KARACHI—The Pakistani rupee experienced a significant rebound against the US dollar in the open market on Saturday, settling at an exchange rate of Rs280-Rs283, which was considerably lower than the official price. This surge in the value of the local currency came just a day after Pakistan reached a Staff-Level Agreement (SLA) with the International Monetary Fund (IMF).
In response to the development, currency exchange companies kept their airport branches open for travellers, witnessing a rush of individuals looking to exchange their dollars for rupees due to fears of further decline in exchange rates.
The SLA reached between Pakistan and the IMF entails a nine-month Stand-By Arrangement (SBA) for $3 billion, expected to receive approval from the Fund’s board in the middle of this month. The financial community perceives this agreement as a relieving development for the market, instilling confidence among all stakeholders of the economy.
The decrease in dollar rates below the interbank market rates reflects the immediate impact of the IMF deal, but the situation is expected to become clearer after the opening of banks on Monday. Before the market closure, banks were trading dollars at approximately Rs286.50.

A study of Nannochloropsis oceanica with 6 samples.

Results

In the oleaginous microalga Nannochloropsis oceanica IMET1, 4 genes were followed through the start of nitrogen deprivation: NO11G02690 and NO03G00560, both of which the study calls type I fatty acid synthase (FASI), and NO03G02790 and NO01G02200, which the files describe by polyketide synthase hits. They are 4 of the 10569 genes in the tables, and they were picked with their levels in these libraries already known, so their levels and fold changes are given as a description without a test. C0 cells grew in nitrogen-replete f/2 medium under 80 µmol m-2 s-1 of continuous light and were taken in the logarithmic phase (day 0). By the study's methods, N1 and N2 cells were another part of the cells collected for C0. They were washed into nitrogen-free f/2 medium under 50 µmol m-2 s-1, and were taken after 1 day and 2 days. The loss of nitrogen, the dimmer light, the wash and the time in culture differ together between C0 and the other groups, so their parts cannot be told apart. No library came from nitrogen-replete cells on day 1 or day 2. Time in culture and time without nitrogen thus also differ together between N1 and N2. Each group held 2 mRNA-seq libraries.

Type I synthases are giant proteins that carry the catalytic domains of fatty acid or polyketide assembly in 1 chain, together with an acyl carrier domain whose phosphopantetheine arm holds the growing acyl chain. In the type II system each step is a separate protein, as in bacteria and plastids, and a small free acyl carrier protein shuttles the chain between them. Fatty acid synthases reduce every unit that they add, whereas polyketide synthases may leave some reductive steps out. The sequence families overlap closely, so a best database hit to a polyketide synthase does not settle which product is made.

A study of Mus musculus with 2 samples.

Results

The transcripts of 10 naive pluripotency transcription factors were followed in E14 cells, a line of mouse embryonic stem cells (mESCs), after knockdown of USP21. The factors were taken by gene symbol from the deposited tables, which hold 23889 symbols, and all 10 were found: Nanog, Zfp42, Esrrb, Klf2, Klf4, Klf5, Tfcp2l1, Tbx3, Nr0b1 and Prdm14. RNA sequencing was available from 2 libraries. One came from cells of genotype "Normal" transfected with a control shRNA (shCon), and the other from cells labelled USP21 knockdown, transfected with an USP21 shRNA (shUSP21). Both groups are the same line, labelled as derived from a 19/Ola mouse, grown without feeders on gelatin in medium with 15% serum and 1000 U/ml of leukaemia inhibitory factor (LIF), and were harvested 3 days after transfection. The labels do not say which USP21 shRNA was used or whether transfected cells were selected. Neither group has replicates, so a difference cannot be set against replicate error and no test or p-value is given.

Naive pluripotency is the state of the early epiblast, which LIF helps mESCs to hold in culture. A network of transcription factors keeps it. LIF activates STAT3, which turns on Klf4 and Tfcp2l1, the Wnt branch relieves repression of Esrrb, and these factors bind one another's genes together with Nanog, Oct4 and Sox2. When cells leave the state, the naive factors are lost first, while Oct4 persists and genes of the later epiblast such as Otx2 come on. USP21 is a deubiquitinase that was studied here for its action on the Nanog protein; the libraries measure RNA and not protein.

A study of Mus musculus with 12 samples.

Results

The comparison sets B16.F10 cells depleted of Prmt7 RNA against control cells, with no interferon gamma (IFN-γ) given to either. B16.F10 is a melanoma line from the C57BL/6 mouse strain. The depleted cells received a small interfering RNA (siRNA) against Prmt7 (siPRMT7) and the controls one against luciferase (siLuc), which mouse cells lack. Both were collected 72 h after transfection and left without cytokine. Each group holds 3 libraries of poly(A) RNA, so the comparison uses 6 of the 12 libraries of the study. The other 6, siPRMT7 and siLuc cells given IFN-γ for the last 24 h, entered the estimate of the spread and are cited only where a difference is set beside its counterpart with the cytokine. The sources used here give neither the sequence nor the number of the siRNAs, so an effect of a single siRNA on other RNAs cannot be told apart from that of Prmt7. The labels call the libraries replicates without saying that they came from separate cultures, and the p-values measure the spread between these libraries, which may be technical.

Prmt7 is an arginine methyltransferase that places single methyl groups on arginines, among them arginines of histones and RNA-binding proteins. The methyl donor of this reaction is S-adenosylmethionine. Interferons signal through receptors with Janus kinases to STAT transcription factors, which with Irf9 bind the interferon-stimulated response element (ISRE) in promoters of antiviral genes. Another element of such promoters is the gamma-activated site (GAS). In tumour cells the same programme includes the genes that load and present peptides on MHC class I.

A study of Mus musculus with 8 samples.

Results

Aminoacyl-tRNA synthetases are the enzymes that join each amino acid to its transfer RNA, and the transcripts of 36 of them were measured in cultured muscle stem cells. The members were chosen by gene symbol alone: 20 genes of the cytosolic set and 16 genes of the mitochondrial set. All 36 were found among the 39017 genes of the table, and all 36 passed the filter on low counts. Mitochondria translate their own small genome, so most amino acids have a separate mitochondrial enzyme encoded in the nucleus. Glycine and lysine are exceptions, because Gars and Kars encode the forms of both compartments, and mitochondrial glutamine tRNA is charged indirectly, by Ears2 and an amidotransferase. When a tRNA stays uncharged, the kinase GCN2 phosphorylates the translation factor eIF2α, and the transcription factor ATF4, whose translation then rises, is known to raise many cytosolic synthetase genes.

Analysts anticipate that the falling dollar prices will lead to increased inflows from both remittances and export proceeds. Bankers believe that exporters have approximately $5-6 billion in export proceeds abroad, which will likely be repatriated before potential price fluctuations following the approval of the IMF board, which would enable the release of a $1.1 billion tranche. Multilateral institutions such as the Islamic Development Bank (IDB), World Bank, and others may disburse $3 billion over the next six months, while around $2.5 billion of pledged $9 billion could materialise within the next 12 months.
While there may be a temporary increase in inflation due to IMF conditions, most analysts expect inflation to ease in the coming months.
Foreign investors have reacted positively to the IMF deal, with Pakistan Eurobonds experiencing a 10% increase in the UK market during morning trade. Short-duration bonds have rallied, with Pak 2024 reaching approximately 71 cents and Pak 2025 at around 55 cents. These prices have risen by 70-80% since October 2022.